Do you know anyone that says that they can predict the weather based on how their joints feel, or perhaps they know that a weather front is going to be coming through because they have a migraine? I think most of us know someone, if not ourselves, who can relate to this phenomenon. Interestingly enough, there are conflicting studies linking weather as a cause for joint, headache or migraine pain despite people’s claims of this connection.
When we consider increases in joint pain, there are several theories that may explain increases in joint pain with changes in weather. One is that as barometric pressure changes with the arrival or departure of weather fronts, there is a corresponding change in pressure on the synovial fluid that is in our joints. As the pressure of the fluid changes, our sensation of joint pain can change. The other theory around increased joint pain, particularly during inclement weather, is that when the weather is bad we tend to move less (who wants to go out and do things when it’s crummy out, right?!). Decreased movement (for any reason) actually increases joint pain, as movement is what keeps the joints lubricated with synovial fluid.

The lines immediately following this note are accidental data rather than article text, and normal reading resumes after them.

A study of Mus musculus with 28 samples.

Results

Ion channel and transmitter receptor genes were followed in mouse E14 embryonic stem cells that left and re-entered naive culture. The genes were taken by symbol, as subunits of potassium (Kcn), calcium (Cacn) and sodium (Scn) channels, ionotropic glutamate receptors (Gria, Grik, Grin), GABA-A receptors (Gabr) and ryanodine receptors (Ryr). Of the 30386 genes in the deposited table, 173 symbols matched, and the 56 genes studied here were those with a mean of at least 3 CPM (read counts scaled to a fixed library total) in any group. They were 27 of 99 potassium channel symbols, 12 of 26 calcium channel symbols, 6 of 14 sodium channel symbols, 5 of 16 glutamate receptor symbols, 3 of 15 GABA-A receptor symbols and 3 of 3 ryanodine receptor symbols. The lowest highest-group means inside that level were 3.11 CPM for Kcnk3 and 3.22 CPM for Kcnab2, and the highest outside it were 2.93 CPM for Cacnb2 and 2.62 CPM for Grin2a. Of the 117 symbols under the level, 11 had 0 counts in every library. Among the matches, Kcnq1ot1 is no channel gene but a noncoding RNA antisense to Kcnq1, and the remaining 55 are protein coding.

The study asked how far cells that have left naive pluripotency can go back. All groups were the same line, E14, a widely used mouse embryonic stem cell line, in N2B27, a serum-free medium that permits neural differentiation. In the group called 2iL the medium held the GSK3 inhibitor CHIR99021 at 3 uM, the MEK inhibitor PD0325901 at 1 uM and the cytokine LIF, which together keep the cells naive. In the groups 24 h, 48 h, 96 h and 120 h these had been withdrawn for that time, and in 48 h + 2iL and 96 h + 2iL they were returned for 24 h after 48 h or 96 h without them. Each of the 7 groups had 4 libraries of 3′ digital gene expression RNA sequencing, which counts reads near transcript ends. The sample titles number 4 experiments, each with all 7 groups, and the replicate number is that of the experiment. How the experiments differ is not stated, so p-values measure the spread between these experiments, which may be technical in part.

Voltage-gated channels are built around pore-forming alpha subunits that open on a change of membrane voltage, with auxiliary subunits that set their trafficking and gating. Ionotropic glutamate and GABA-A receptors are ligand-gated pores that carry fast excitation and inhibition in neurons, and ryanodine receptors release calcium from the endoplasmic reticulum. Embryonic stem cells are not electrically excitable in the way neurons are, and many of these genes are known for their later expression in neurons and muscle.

Migraines are a bit different, and people seem to be sensitive to a variety of weather triggers. These can include: bright sunlight, extremes of temperatures, glare, too humid, not humid enough, wind, storms, and changes in barometric pressure (particularly when there is a large drop). We are not completely sure why changes in weather can trigger migraine in some people, but scientists speculate that it changes levels of chemicals in the brain (particularly serotonin) which ultimately results in migraine.
It’s important to realize that weather is not a trigger for all people with migraine. And, mild weather changes might need to occur at the same time as exposure to another trigger, like a particular food, in order for it to be significant. How do you know what triggers your migraines? The best way is to keep a journal of your symptoms for at least 4-6 weeks. Record your headache symptoms each day, nutrition, weather, and sleep habits. By consistently doing this, you can work with your healthcare provider to find patterns to your migraines and identify your own migraine triggers. And, we at Smith Balance + Concussion Center are always here to help answer your questions!